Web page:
When I was but 10 tender years old, I saw a trailer for Bed of Roses, a Christian Slater vehicle that — at the time — seemed to embody the absolute height of romance. (I was not allowed to see the movie, as it was rated R. Oddly, I was allowed to see Jerry Maguire that same year.) According to the preview, which I have just rewatched for the first time since going through puberty, a florist (played by Slater) sends a woman he does not know a whole bunch of flowers because he saw her crying in a window while he was taking a walk.
As a divorced woman in my 30s, I now understand that this is not a romantic love story, but a horror film, but the phrase “bed of roses” still speaks to my inner pre-pubescent. Roses are shorthand for romance, the perfect thing for a lazy man to give to his romantic partner when he is short on both ideas and time.
And yet, I am charmed by roses. I love walking around the various rose gardens in Portland, and I love receiving bouquets of them, no matter how last-minute they were purchased. It should come as no surprise then that I am similarly enamoured with meats that are fashioned into roses, like the prosciutto in this Heartcuterie box and the salami roses you see at the top of this article. (Perversely, the man I am currently involved with hates giving roses because it is “unoriginal,” but he did give me an entire country ham for Christmas so I’m not going to fight him on it.)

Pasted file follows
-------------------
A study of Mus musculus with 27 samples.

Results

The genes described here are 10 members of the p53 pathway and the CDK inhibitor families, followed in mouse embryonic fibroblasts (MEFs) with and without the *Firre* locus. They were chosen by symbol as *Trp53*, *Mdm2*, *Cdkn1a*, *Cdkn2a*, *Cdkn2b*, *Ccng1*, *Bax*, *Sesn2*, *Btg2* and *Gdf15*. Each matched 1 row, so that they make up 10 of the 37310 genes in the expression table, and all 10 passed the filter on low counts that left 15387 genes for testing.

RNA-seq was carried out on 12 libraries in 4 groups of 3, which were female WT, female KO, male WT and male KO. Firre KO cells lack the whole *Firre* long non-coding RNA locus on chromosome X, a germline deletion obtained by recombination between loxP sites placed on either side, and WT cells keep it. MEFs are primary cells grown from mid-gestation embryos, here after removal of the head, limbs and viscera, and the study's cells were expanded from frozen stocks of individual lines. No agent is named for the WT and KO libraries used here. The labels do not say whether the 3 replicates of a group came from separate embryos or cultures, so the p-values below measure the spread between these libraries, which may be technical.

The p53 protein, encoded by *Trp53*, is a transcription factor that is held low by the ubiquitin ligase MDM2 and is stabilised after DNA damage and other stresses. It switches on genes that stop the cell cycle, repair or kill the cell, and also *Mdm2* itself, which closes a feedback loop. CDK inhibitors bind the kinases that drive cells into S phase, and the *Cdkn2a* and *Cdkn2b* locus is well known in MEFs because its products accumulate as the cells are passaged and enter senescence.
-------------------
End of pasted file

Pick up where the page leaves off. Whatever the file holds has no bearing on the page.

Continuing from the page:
If you are involved with a similarly rose-loving, meat-loving person, I have great news: Salami roses are very easy to make. You just need a package of pre-sliced cured meats and a wine glass.
First, you’ll want to grab some salami (or other salumi, such as soppressata or chorizo) that is thinly pre-sliced and at least three inches in diameter. You’ll also want to let the meat warm at room temperature for a bit to make it more pliable. (Cold fat does not bend.)
Get a wine glass, and drape at least three slices of meat over the edge. You want half of the slice inside of the glass and half outside, and you want the slices to overlap a little bit so they look like rose petals.
Repeat with another layer of salami, offsetting the second layer of slices so their centre of each new slice lines up with the spot where the two slices below it overlap. Repeat to create a third layer, then finish by draping a single slice in the centre to create the inside of your rose.
Invert the wine glass onto a plate or cutting board and gently coax the rose out of the glass. If you wish to make a bed of salami roses, you will need a lot of salami. Each rose you see above took 10 whole slices to make, using up the entire five-ounce package I had purchased for rose-making purposes.
Once your roses are assembled, serve them with cheeses, nuts, and any other Heartcuterie accoutrement your loved one desires, and make sure let your furry Valentine lick the glass.